NORTHWOODS - A new Forward Analytics report showed people are leaving Wisconsin's rural counties and moving into more urban ones.
Two-thirds of rural counties in the Badger State saw their populations decrease from 2000 to 2018. That trend contrasts with studies that showed population growth in these areas in the 1990's.
"We're aging, so our demographics are getting older, and our populations are shrinking," said Wisconsin Economic Development Corporation (WEDC) regional director Jim Rosenberg. "Community development is economic development. You have to make it a place where people want to come."
These population trends are expected to continue in the Northwoods. Price County is predicted to lose 18% of its current population by 2040.
Experts said the best way for people and businesses to thrive in these communities is by expanding broadband access.
"In the 21st century, technology is not going away," said Grow North director Brittany Beyer. "A good percentage of our businesses [need] connectivity. We have to talk about it being a utility rather than an amenity."
In order for that to happen, Beyer said elected officials need to take a stand.
"We also need to ask our local officials be part of the solution and help the communities have these long-term visions about where they want to go," said Beyer.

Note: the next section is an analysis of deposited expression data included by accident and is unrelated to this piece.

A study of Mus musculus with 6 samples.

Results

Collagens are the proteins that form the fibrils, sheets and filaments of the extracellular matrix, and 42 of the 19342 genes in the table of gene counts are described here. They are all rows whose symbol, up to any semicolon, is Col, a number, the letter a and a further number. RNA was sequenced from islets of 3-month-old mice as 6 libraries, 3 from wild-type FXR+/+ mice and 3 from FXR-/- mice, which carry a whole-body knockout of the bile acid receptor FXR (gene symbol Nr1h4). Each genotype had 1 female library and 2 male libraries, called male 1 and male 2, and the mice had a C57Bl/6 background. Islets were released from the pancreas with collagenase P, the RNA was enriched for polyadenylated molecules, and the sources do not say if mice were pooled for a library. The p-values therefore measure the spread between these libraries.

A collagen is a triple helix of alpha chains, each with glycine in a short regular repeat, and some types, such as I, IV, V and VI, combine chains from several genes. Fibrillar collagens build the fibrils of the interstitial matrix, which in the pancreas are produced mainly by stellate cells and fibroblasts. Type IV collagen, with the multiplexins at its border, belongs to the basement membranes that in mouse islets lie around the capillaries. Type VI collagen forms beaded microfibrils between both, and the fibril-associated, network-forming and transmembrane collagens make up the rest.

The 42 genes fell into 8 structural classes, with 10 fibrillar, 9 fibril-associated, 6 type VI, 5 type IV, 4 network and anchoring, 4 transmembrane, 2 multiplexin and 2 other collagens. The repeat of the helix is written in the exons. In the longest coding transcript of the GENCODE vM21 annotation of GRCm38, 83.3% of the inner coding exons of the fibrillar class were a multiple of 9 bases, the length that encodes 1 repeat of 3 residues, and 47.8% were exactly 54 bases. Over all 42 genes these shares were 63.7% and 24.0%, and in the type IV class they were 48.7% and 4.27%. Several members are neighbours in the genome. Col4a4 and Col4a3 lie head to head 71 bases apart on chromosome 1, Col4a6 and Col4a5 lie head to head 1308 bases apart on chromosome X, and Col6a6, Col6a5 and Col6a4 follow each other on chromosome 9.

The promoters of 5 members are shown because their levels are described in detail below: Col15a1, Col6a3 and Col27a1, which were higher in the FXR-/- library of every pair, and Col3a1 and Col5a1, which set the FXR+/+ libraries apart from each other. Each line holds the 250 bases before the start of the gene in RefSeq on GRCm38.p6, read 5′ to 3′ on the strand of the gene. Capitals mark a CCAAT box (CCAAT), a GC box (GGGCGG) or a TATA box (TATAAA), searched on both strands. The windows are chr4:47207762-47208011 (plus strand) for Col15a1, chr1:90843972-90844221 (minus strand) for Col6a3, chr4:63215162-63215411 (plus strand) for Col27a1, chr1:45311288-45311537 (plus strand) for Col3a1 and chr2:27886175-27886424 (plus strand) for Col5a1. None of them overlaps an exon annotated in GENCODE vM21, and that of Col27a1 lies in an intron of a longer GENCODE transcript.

Governor Evers has directed the WEDC to create a new division called the Office of Rural Prosperity. This division will focus on a number of issues, including broadband expansion.
ANTIGO - What starts with a tumble, ends in neatly packed, ready-to-ship bundles in the Kretz Lumber warehouse. Twenty percent of it will go across the ocean to China, with tariffs tearing into the profit.
"Twenty-five percent of our sales to China was reduced and we still have the same amount of overhead that you have to cover no matter what the price is," said Troy Brown, President of Kretz Lumber.
Though China's tariffs will be gone Friday, Brown says the foreign timber market is much different now from a year and a half ago.
MADISON - Republican legislators and their fundraising committees finished 2019 with four times as much money in their campaign accounts as their Democratic rivals, according to a review government watchdog group Wisconsin Democracy Campaign released Wednesday.
The review found that GOP lawmakers and their two legislative campaign fundraising committees - one for the Senate and one for the Assembly - ended the year with more than $6.3 million combined in the bank. Democratic legislators and their two committees finished with $1.6 million on hand.